The long-running legal battle about Natural England’s refusal to issue a gamekeeper with licences to kill buzzards and sparrowhawks to ‘protect’ his pheasants is due to reach a climax tomorrow.
Northumberland gamekeeper, Ricky McMorn, backed by financial support from the National Gamekeepers’ Organisation, brought a judicial review to challenge Natural England’s decision. The judicial review took place in the High Court (London) over three days in June 2015 and the decision was deferred. We understand the decision is due to be announced tomorrow.
A quick re-cap:
In 2013, Natural England secretly provided Mr McMorn with a licence to destroy buzzard eggs and nests in order ‘to protect a pheasant shoot’ in Northumberland.
Later in 2013, McMorn submitted four more licence applications to Natural England, this time to shoot 16 buzzards and 3 sparrowhawks. Natural England rejected the application.
In 2014, McMorn submitted another licence application, this time to shoot ten buzzards “to prevent serious damage” to pheasant poults. Natural England rejected the application.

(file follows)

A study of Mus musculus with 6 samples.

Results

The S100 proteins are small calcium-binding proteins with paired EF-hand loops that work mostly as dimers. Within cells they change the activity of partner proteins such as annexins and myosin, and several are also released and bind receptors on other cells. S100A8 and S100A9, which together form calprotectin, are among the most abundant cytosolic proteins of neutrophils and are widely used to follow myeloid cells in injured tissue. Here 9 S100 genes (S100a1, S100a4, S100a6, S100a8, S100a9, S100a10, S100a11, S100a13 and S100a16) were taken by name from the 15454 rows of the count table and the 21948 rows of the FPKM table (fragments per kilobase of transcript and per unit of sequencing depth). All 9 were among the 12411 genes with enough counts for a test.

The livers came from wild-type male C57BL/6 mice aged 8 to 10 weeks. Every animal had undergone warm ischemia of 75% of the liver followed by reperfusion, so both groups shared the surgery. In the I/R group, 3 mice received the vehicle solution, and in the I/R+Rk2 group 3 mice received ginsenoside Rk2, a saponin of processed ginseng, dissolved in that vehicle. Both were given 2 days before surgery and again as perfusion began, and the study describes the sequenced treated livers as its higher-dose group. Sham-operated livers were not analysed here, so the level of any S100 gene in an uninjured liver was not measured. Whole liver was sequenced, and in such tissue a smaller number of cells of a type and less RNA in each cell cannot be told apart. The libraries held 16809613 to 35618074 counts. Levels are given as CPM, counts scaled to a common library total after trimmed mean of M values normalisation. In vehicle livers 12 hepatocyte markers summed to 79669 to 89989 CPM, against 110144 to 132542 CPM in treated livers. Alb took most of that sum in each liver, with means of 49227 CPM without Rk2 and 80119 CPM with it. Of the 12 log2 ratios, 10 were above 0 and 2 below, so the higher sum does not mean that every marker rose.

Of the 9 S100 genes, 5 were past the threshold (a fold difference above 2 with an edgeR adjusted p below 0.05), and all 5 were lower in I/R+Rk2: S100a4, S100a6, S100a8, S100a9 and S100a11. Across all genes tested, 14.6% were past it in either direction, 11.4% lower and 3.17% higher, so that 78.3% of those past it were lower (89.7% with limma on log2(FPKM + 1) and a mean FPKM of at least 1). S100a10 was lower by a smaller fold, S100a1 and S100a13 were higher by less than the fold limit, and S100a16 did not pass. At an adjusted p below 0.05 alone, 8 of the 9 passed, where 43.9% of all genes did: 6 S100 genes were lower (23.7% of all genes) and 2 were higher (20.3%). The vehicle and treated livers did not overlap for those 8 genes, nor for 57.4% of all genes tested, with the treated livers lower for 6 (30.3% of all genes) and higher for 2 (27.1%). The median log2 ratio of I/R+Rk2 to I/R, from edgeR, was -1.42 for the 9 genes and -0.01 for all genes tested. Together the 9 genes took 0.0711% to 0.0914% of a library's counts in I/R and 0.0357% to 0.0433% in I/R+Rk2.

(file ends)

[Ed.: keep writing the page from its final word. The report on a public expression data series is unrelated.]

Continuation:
We’ve blogged extensively about this issue (see here for a summary).
It’s worth noting that the judicial review concerns whether Natural England acted fairly when rejecting McMorn’s licence applications. McMorn has argued that Natural England has unlawfully acted inconsistently in the way it has dealt with the licensing of buzzards as compared with other species of bird and that Natural England has been unlawfully influenced by public opinion. He has also argued that it was unreasonable for Natural England Directors repeatedly to reverse the recommendations of Natural England’s specialist scientific advisers that a licence should be granted.
The review is NOT about whether DEFRA/Natural England should entertain a licence application from a gamekeeper with a previous conviction for possession of banned poisons (apparently that’s not a problem, according to DEFRA/Natural England), nor whether the National Gamekeepers’ Organisation should expel a member with a conviction for possession of a banned poison (apparently not, according to the NGO), and nor whether there’s any scientific evidence to demonstrate that buzzards (and sparrowhawks) have a substantially detrimental effect on game bird shoots (there isn’t any evidence).
Tomorrow’s long-awaited decision will no doubt be interesting, whichever way it goes.